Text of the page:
Why Preformed Line Products Company’s (NASDAQ:PLPC) Return On Capital Employed Looks Uninspiring


First, we’ll go over how we calculate ROCE. Second, we’ll look at its ROCE compared to similar companies. Finally, we’ll look at how its current liabilities affect its ROCE.

Return On Capital Employed (ROCE): What is it?

ROCE measures the amount of pre-tax profits a company can generate from the capital employed in its business. All else being equal, a better business will have a higher ROCE. Ultimately, it is a useful but imperfect metric. Author Edwin Whiting says to be careful when comparing the ROCE of different businesses, since ‘No two businesses are exactly alike.’

How Do You Calculate Return On Capital Employed?

Analysts use this formula to calculate return on capital employed:

Return on Capital Employed = Earnings Before Interest and Tax (EBIT) ÷ (Total Assets – Current Liabilities)

Or for Preformed Line Products:

0.086 = US$27m ÷ (US$387m – US$71m) (Based on the trailing twelve months to March 2019.)

So, Preformed Line Products has an ROCE of 8.6%.

See our latest analysis for Preformed Line Products

Is Preformed Line Products’s ROCE Good?

ROCE can be useful when making comparisons, such as between similar companies. Using our data, Preformed Line Products’s ROCE appears to be significantly below the 11% average in the Electrical industry. This performance is not ideal, as it suggests the company may not be deploying its capital as effectively as some competitors. Aside from the industry comparison, Preformed Line Products’s ROCE is mediocre in absolute terms, considering the risk of investing in stocks versus the safety of a bank account. It is possible that there are more rewarding investments out there.

As we can see, Preformed Line Products currently has an ROCE of 8.6% compared to its ROCE 3 years ago, which was 6.1%. This makes us wonder if the company is improving.

NasdaqGS:PLPC Past Revenue and Net Income, June 21st 2019
NasdaqGS:PLPC Past Revenue and Net Income, June 21st 2019

When considering this metric, keep in mind that it is backwards looking, and not necessarily predictive. ROCE can be deceptive for cyclical businesses, as returns can look incredible in boom times, and terribly low in downturns. ROCE is only a point-in-time measure. You can check if Preformed Line Products has cyclical profits by looking at this free graph of past earnings, revenue and cash flow.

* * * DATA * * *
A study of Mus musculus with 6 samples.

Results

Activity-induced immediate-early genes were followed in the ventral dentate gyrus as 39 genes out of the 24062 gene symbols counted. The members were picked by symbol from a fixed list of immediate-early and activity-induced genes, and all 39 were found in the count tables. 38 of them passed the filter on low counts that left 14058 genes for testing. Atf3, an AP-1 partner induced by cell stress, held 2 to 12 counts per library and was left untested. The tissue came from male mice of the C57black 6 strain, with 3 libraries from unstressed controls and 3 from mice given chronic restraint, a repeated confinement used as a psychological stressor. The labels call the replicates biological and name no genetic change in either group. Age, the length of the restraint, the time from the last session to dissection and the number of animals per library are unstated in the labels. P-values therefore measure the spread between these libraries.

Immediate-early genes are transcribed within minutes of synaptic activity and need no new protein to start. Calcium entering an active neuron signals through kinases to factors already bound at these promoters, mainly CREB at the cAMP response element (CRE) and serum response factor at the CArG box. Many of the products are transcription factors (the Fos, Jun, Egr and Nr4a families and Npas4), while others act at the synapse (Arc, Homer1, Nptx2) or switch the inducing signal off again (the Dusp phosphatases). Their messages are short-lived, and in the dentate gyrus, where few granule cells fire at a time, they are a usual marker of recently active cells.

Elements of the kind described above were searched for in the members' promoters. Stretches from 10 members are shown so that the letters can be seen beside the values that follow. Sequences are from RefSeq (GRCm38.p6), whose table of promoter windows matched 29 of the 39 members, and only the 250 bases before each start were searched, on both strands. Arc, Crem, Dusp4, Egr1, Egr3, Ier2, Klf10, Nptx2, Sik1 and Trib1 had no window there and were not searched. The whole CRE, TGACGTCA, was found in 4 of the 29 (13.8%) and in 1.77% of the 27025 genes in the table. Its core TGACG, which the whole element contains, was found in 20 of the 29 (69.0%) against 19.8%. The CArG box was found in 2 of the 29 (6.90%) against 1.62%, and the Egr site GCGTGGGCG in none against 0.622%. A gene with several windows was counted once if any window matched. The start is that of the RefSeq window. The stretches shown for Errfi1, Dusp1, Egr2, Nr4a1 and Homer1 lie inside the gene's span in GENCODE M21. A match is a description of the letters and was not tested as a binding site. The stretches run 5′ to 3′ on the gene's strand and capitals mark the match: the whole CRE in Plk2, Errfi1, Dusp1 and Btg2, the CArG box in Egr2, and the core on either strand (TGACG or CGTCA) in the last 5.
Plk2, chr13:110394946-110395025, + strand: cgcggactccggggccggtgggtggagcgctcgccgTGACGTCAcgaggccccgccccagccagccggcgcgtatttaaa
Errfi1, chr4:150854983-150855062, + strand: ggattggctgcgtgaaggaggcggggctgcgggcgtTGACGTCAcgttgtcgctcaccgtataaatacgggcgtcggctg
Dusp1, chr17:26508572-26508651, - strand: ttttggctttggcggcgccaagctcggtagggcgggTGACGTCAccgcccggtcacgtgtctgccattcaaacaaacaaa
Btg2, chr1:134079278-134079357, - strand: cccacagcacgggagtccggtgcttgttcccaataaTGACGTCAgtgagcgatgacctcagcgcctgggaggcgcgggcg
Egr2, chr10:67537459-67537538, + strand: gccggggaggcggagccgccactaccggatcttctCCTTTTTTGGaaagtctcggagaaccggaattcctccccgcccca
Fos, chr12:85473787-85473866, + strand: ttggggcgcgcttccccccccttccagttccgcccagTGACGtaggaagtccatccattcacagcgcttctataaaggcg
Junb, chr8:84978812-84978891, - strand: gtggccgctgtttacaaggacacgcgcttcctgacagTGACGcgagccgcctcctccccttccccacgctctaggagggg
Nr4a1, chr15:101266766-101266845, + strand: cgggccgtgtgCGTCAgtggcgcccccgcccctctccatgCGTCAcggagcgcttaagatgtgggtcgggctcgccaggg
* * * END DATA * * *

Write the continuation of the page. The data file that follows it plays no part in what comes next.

How Preformed Line Products’s Current Liabilities Impact Its ROCE

Current liabilities include invoices, such as supplier payments, short-term debt, or a tax bill, that need to be paid within 12 months. Due to the way the ROCE equation works, having large bills due in the near term can make it look as though a company has less capital employed, and thus a higher ROCE than usual. To check the impact of this, we calculate if a company has high current liabilities relative to its total assets.

Preformed Line Products has total liabilities of US$71m and total assets of US$387m. As a result, its current liabilities are equal to approximately 18% of its total assets. It is good to see a restrained amount of current liabilities, as this limits the effect on ROCE.

What We Can Learn From Preformed Line Products’s ROCE

If Preformed Line Products continues to earn an uninspiring ROCE, there may be better places to invest. But note: make sure you look for a great company, not just the first idea you come across. So take a peek at this free list of interesting companies with strong recent earnings growth (and a P/E ratio below 20).

If you are like me, then you will not want to miss this free list of growing companies that insiders are buying.

We aim to bring you long-term focused research analysis driven by fundamental data. Note that our analysis may not factor in the latest price-sensitive company announcements or qualitative material.

If you spot an error that warrants correction, please contact the editor at editorial-team@simplywallst.com. This article by Simply Wall St is general in nature. It does not constitute a recommendation to buy or sell any stock, and does not take account of your objectives, or your financial situation. Simply Wall St has no position in the stocks mentioned. Thank you for reading.